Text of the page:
Misplaced Modifiers

Modifiers are useful words that help add information about other parts of a sentence. But if they’re used incorrectly, they can lead to confusion…and sometimes hilarity.

Misplaced modifiers

Misplaced modifiers can slip into anyone’s writing. I know I’ve included the odd weirdly placed modifier in my own writing from time to time. When you read a sentence with a misplaced modifier, you think you probably understand what the writer meant, but you’re not 100% sure. You do a mental double take and ask yourself, Is that what the writer really meant?

What is a misplaced modifier?

To understand what a misplaced modifier is, you need to know that a modifier is a word that adds meaning to another part of a sentence. So, a modifier is ‘misplaced’ if its position in that sentence causes confusion.

Let’s look at some examples.

Have you ever read senetences like these?

  1. The recommendations will solve all the problems in this report.
  2. Watching carefully, the leaves began to rustle.
  3. At the school fundraser, we served sausages to hungry customers in bread.

Modifiers must make sense

In sentence 1, the reader is left wondering what the word problems relates to. Does it relate to the report itself or does it relate to the the recommendations in the report?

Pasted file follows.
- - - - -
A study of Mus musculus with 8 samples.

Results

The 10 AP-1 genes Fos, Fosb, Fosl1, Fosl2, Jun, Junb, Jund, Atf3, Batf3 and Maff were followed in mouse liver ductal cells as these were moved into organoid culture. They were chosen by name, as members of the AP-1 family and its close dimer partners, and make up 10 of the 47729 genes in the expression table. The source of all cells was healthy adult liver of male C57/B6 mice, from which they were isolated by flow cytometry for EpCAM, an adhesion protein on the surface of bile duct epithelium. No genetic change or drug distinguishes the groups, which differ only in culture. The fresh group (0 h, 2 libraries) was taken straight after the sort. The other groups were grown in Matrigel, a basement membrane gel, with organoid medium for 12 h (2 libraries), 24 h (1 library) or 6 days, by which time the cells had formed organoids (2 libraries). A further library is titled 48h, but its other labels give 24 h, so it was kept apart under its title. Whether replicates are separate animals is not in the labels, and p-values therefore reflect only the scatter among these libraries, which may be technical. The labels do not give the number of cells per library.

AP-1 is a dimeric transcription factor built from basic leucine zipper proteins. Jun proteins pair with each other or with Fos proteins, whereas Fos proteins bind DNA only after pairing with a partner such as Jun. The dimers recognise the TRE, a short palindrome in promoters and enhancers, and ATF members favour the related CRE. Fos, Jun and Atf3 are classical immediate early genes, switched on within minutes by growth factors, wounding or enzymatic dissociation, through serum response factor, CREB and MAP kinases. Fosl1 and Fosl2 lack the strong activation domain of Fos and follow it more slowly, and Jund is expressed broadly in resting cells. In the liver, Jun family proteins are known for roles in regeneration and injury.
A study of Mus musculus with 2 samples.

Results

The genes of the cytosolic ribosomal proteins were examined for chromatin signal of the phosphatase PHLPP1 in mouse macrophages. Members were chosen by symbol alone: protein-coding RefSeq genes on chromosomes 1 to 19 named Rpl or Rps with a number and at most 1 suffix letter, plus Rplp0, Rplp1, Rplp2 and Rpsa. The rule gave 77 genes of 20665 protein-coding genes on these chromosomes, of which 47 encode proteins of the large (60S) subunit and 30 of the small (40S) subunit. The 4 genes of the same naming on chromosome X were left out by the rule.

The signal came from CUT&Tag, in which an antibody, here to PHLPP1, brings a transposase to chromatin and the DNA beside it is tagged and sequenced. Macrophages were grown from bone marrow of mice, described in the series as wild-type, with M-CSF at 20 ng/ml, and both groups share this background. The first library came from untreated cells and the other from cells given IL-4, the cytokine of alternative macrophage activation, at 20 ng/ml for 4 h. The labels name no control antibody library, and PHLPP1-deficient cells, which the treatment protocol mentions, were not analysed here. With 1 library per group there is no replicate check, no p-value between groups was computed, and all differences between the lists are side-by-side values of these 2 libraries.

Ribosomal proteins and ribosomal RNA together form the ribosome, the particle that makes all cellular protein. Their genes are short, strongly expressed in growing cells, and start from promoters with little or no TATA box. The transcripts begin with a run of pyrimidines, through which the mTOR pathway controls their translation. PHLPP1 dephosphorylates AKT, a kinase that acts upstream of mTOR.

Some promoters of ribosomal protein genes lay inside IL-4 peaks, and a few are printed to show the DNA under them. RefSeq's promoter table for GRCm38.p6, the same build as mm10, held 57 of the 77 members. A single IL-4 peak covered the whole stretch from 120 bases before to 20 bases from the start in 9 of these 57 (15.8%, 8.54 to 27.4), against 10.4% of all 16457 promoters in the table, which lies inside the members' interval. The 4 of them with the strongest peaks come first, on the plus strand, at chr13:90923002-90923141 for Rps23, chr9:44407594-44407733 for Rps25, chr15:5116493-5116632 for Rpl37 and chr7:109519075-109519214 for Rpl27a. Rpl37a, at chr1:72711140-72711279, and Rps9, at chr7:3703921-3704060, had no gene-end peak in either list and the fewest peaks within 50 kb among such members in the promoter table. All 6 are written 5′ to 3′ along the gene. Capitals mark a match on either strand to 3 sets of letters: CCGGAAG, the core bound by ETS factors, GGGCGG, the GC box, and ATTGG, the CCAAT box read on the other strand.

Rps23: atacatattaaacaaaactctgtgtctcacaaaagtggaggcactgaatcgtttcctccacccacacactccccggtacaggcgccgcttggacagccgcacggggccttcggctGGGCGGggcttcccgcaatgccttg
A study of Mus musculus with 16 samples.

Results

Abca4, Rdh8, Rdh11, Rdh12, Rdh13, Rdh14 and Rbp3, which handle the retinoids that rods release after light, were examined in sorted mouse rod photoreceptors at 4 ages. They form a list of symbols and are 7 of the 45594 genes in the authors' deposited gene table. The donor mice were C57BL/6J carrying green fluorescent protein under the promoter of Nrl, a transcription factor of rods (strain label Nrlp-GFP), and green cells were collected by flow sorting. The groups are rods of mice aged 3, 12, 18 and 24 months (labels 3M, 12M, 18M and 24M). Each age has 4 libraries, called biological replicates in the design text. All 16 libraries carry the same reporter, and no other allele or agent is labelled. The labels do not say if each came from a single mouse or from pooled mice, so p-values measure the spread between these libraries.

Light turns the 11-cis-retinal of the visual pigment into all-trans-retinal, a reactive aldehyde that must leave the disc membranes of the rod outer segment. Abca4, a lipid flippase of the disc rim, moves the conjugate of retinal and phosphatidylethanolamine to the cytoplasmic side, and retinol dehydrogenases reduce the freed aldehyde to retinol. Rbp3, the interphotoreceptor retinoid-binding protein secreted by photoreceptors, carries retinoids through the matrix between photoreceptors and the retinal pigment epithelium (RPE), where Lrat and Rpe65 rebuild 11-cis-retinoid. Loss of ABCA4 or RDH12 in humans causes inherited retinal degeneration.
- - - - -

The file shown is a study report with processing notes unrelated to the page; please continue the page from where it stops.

This is because report and problems are placed quite close to each other, so it sounds as if the report is full of problems. While that’s possible, it’s probably not what the author meant.

They probably meant The recommendations in this report will solve all the problems.

If we look at sentence 2, it sounds as if the leaves were watching carefully before they began to rustle. Of course, it’s possible that if this were a horror movie about sentient trees, the leaves might be watching. But my guess is that someone else was watching the tree and saw the leaves move.

So, this sentence should be written, Watching carefully, I (or they) saw the leaves begin to rustle.

Now, sentence 3 just makes me laugh.

I imagine that the hungry customers were wrapped in huge slices of bread at the sausage sizzle and that the fundraising people were handing them sausages.

A much better (although less funny) way to write this sentence would be, At the school fundraser, we served sausages in bread to hungry customers.

So, next time you find yourself wondering what on earth a writer meant, take a moment to consider if they’re misplaced their modifier in some way. The same goes for your own writing. If your readers are telling you they’re confused by your writing, take a quick look at any modifiers you’ve used and see if you can move them to make the meaning of the sentence clearer.